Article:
Australia has been approved as a member of the Generation IV International Forum (GIF), joining 12 other nations and the European Union to work together on long‑term research on advanced nuclear technologies.
The Forum develops Generation IV technology and addresses not only the construction and operation of the next generation of nuclear power reactors, but also considers fuel efficiency, reducing waste production, and meeting stringent standards of safety and proliferation resistance.
Industry Minister Christopher Pyne said Australia’s success in gaining membership is based on the landmark research infrastructure and world-class research capabilities.
Australia would make a valuable contribution to GIF’s goals through its expertise at the Australian Nuclear Science and Technology Organisation (ANSTO).
“Australia’s invitation to join this important global project marks an exciting opportunity to be at the forefront of global innovation in the nuclear industry,” Mr Pyne said.
“Inclusion in the GIF further strengthens Australia’s position as a nation that has the research muscle to deliver innovations on the global stage.
“It reinforces the Government’s $1.1 billion National Innovation and Science Agenda, encouraging our best and brightest researchers to collaborate with international experts.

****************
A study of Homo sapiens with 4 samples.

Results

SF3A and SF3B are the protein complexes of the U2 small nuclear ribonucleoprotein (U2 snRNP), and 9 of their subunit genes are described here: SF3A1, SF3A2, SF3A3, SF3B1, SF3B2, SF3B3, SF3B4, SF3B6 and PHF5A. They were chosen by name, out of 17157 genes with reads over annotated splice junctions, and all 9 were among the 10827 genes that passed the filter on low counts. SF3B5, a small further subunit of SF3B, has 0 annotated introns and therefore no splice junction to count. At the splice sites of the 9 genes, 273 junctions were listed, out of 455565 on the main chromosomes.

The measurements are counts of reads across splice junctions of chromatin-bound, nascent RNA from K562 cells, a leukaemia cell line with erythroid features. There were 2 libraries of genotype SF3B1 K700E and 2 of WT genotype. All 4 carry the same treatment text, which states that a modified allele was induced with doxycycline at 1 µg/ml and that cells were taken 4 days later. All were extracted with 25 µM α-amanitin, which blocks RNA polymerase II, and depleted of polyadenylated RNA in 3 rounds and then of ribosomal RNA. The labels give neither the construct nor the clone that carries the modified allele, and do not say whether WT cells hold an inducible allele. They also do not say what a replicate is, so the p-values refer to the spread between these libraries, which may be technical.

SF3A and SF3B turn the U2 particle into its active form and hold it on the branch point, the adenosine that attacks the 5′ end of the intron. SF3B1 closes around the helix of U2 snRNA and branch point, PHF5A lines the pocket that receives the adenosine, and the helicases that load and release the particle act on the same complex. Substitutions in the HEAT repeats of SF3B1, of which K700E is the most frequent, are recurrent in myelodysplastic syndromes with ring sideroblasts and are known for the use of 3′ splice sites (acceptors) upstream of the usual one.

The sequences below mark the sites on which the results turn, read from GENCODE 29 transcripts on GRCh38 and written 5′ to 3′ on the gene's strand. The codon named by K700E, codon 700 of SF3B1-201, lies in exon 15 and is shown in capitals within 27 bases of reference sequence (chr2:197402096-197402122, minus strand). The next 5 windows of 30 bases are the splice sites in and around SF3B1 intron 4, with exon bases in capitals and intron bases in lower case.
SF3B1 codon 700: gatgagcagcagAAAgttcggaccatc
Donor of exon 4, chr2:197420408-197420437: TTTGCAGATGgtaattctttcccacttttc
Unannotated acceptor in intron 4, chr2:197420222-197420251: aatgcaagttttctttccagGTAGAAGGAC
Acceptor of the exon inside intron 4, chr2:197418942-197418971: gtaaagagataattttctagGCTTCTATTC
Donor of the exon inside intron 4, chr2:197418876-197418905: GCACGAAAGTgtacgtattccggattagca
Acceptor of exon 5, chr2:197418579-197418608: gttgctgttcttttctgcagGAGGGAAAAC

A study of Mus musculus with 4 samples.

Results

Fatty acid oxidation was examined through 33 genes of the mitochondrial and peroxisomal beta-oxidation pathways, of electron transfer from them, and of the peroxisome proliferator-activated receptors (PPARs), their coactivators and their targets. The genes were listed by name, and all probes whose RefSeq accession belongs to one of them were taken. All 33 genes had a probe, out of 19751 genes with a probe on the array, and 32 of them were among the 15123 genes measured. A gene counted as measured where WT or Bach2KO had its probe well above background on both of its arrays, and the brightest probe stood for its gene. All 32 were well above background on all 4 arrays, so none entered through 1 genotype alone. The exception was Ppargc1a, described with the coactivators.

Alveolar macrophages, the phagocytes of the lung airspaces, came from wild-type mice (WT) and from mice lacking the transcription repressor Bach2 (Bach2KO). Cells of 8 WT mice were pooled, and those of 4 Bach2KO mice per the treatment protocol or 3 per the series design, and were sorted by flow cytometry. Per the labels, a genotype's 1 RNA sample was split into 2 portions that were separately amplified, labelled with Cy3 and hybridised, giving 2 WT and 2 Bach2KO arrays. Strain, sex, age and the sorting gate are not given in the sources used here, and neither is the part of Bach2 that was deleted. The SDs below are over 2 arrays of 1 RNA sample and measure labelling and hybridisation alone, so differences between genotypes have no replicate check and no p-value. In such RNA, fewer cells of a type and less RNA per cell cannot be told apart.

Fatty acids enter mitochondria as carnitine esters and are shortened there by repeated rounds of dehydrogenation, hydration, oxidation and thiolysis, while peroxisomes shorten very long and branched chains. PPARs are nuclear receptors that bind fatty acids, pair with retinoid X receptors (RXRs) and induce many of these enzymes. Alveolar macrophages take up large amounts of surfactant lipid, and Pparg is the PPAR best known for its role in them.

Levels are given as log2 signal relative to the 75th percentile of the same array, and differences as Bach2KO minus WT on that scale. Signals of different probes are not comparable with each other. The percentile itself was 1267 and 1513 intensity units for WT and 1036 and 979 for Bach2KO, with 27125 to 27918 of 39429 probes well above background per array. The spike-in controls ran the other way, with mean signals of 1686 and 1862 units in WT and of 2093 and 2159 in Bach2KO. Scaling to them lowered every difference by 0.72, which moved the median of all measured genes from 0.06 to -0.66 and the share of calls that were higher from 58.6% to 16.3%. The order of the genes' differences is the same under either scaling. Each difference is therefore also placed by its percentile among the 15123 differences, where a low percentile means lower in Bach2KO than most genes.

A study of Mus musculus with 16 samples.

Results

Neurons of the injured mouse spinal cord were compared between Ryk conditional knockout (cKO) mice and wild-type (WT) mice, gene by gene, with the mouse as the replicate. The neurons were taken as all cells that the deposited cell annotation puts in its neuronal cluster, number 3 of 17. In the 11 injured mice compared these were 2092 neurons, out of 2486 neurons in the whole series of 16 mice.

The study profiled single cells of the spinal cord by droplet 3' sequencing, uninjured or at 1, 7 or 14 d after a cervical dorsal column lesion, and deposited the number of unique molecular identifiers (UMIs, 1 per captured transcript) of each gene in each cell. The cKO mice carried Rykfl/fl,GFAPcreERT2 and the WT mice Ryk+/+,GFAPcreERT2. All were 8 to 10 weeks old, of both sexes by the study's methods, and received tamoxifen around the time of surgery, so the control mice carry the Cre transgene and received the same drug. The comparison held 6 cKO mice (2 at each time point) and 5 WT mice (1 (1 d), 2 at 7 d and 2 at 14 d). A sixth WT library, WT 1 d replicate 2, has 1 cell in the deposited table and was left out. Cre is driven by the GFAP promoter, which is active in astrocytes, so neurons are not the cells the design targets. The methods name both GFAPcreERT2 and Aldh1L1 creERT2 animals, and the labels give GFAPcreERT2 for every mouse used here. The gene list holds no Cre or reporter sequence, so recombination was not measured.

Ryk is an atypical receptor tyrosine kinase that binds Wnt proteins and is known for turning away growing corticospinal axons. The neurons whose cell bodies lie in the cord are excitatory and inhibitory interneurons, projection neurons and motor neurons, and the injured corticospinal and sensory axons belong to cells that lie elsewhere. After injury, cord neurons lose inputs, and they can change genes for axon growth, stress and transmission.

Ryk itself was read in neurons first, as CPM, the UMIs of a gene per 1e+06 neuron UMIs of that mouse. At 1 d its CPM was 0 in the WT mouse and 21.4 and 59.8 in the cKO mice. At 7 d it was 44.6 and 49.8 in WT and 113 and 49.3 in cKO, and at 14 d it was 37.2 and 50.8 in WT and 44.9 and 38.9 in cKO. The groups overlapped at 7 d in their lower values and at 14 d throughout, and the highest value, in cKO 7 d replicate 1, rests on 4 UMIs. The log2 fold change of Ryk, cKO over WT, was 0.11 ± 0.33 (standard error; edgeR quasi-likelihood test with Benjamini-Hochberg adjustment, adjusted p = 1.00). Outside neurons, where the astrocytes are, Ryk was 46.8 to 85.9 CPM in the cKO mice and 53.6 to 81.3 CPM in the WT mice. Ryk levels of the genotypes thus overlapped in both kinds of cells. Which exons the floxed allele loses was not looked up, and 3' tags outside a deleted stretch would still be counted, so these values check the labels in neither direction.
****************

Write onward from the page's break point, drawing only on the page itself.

“ANSTO has particular research expertise in materials used in high-temperature and highly radioactive environments and in radioactive waste forms, through the development of Synroc, a modern solution for safely immobilising radioactive waste.”
GIF research is focused on six reactor designs that will deliver safe, secure, sustainable, competitive and versatile nuclear technology.
GIF expects that some of these reactor designs could be demonstrated and commercially rolled out in around 2030-2040, and current members are already developing and constructing prototype technologies.
Minister for Foreign Affairs Julie Bishop said Australia’s membership of GIF is an affirmation of its international credentials in high-tech science and innovation.
“Australia has firm non-proliferation goals and nuclear safety objectives, and contributing to the global conversation on this level is an opportunity to assist in the research that is making nuclear technologies safer around the world in the long term,” Ms Bishop said.
“Australia will also be helping our neighbours and partners to more efficiently secure energy resources for the future, using even safer and more sustainable technology, which is in everyone’s interests.”
“A long term commitment to international research will further cement Australia’s position as a global energy technology leader.”
Minister for Resources and Energy Josh Frydenberg said Australia’s membership will help further our expertise in nuclear science and research.
“Australia has significant expertise and established infrastructure to contribute to this important forum. In addition, we have the world’s largest known uranium reserves which are being used to fuel energy production in a number of countries,” Mr Frydenberg said.
“This forum will help develop the technologies that will be integral to the future of the international nuclear industry.”